She Kissed a Boy, He Didn’t Like It


This article is exclusive to the online Edition 2 (Wrap Edition) of VARSITY Newspaper. 

 

Recently on American idol, a huge controversy took place. Katy Perry, award-winning singer- songwriter, and one of the judges of the show, kissed one of the contestants without his consent. The occurrence brought about a vital discussion on the double standards of sexual harassment, particularly when the perpetrator is female. Without the intensive media coverage on it, we might not have thought any differently about the kiss, but with the roles reversed, say if the kiss had been between a 35-year-old man and a 19-year-old girl, things would have been a lot different and serious legal action could have taken place.

 

Women live in perpetual fear of threat of harassment and abuse. It is extremely rare to come across a woman who does not have her own story of experiencing harassment; just look at the #MeToo campaign. However, this does not mean that sexual harassment is gender exclusive. As such, it is important to treat the American Idol issue seriously, ensuring we hold women like Perry, accountable for their actions.

 


 

If you had to name every known perpetrator of sexual assault or abuse – you would probably be able to name 1 to 3 off the top of your head – it’s much more likely that you would first think of ones that identify as men. What about female perpetrators and male victims? Just because we don’t hear about them often, it does not mean they don’t exist. And just because the American Idol contestant’s response to the kiss was fine, it does not mean that all men would have had the same reaction.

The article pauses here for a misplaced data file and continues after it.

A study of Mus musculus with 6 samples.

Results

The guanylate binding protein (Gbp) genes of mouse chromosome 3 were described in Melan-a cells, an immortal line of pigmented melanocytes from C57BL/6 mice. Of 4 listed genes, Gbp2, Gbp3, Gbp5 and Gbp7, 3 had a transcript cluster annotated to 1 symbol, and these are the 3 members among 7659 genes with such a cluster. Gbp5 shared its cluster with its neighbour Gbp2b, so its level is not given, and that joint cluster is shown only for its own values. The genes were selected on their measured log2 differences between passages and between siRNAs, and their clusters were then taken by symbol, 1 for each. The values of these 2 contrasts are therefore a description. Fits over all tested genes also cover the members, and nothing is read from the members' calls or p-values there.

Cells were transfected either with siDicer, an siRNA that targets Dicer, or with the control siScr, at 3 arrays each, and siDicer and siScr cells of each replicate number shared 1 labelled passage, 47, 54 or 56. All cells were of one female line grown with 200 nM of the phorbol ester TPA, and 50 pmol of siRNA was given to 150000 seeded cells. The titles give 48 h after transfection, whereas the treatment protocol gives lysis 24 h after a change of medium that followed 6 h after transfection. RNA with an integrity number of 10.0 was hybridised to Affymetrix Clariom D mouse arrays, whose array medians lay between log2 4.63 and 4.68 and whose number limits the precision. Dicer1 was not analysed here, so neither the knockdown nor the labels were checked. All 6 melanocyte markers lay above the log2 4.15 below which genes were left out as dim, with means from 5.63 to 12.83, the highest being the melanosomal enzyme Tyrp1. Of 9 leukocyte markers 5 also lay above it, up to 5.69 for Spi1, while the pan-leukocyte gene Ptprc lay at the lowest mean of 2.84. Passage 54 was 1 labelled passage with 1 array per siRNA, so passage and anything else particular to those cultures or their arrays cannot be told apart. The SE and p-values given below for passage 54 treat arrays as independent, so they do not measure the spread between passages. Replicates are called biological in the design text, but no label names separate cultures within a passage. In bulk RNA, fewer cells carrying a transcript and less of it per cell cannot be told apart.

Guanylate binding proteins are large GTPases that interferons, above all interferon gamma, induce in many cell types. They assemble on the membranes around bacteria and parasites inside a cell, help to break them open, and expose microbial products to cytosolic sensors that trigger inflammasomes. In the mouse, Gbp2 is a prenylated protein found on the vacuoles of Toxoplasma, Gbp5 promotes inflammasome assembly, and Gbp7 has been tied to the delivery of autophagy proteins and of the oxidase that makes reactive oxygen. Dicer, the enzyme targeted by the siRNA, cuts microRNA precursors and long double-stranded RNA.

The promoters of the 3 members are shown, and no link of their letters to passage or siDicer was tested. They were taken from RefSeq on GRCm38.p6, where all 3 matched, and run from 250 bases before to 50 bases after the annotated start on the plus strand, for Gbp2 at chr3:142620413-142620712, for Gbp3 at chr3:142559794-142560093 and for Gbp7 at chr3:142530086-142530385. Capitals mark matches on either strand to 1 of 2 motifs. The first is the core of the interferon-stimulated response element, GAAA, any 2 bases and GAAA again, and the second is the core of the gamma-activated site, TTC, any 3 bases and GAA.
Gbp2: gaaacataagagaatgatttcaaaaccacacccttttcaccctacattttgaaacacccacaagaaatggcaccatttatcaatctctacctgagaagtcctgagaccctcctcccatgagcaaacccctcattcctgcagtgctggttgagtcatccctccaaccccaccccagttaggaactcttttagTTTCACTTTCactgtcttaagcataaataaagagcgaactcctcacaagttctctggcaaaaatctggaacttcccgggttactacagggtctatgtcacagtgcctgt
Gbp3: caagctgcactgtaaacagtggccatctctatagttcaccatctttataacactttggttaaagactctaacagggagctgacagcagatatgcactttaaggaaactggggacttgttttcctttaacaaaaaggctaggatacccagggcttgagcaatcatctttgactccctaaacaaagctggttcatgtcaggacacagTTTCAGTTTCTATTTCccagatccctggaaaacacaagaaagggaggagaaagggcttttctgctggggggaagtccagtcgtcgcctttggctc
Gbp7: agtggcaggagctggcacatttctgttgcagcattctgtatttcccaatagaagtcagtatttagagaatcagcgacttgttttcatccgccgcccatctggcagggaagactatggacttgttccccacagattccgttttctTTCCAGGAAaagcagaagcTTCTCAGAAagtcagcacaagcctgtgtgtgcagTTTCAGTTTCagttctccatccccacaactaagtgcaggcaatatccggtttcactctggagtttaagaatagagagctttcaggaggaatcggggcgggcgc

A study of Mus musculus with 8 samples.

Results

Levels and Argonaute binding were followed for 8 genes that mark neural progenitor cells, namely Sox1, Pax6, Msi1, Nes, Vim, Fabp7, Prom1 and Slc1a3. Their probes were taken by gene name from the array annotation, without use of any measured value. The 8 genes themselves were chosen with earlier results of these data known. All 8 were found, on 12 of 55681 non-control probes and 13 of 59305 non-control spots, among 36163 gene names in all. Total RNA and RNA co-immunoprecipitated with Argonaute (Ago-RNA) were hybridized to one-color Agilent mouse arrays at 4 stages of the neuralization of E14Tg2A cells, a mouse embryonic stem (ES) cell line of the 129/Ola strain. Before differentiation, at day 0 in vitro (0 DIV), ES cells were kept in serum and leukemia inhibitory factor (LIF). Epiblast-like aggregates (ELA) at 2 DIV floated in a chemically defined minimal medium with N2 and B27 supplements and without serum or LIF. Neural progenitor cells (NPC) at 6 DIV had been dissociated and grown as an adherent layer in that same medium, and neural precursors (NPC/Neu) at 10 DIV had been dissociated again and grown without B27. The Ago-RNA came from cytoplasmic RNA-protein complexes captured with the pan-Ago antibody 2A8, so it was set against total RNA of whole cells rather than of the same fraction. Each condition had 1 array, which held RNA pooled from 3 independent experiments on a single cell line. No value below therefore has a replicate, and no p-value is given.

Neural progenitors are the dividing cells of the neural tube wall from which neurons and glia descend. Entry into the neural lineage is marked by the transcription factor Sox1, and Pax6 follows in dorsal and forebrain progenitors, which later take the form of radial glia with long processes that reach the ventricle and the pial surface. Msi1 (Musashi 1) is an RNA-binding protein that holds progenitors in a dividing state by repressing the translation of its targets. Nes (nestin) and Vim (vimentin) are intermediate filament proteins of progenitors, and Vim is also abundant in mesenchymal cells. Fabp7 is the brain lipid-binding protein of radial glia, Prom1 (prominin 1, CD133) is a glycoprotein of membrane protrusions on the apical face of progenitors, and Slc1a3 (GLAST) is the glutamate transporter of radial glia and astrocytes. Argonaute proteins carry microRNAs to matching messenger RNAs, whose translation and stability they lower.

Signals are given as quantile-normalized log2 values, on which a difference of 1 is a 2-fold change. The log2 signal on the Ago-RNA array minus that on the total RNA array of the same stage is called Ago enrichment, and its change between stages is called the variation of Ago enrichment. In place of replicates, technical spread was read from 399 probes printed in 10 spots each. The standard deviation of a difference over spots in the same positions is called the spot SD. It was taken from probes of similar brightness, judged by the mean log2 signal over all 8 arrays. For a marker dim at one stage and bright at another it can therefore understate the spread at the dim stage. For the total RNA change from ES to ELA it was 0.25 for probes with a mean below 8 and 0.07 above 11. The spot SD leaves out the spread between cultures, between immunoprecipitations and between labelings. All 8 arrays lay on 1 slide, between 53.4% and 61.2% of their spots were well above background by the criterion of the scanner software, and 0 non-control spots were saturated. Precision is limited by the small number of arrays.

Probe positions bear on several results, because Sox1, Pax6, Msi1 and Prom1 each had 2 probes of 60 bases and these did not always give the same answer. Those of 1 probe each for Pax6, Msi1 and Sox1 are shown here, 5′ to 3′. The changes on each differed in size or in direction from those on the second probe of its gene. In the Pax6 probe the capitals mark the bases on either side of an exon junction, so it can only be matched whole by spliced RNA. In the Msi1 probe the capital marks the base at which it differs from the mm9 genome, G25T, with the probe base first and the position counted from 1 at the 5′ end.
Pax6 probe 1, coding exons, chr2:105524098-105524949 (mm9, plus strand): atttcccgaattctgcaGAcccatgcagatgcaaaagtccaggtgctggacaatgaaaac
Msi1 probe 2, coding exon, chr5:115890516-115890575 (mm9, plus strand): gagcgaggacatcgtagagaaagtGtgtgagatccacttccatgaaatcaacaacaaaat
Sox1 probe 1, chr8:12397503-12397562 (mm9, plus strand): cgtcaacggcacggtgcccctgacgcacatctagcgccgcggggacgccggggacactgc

Even with the societal norms of slut-shaming and victim-blaming, sexually active women make them feel too ashamed to tell someone what happened in an instance of sexual assault. It’s much more common to hear of women having experienced sexual assault than men. Due to toxic masculinity, men are subliminally taught that “real” men are strong and don’t show emotions. This makes the statistics of how many male and female perpetrators they are out there inaccurate, but just because a lot of men don’t voice their experiences with sexual harassment as frequently as women may, it doesn’t mean that we should ignore the fact that it happens, and not hold female perpetrators accountable for their actions in the same way we would if they were men.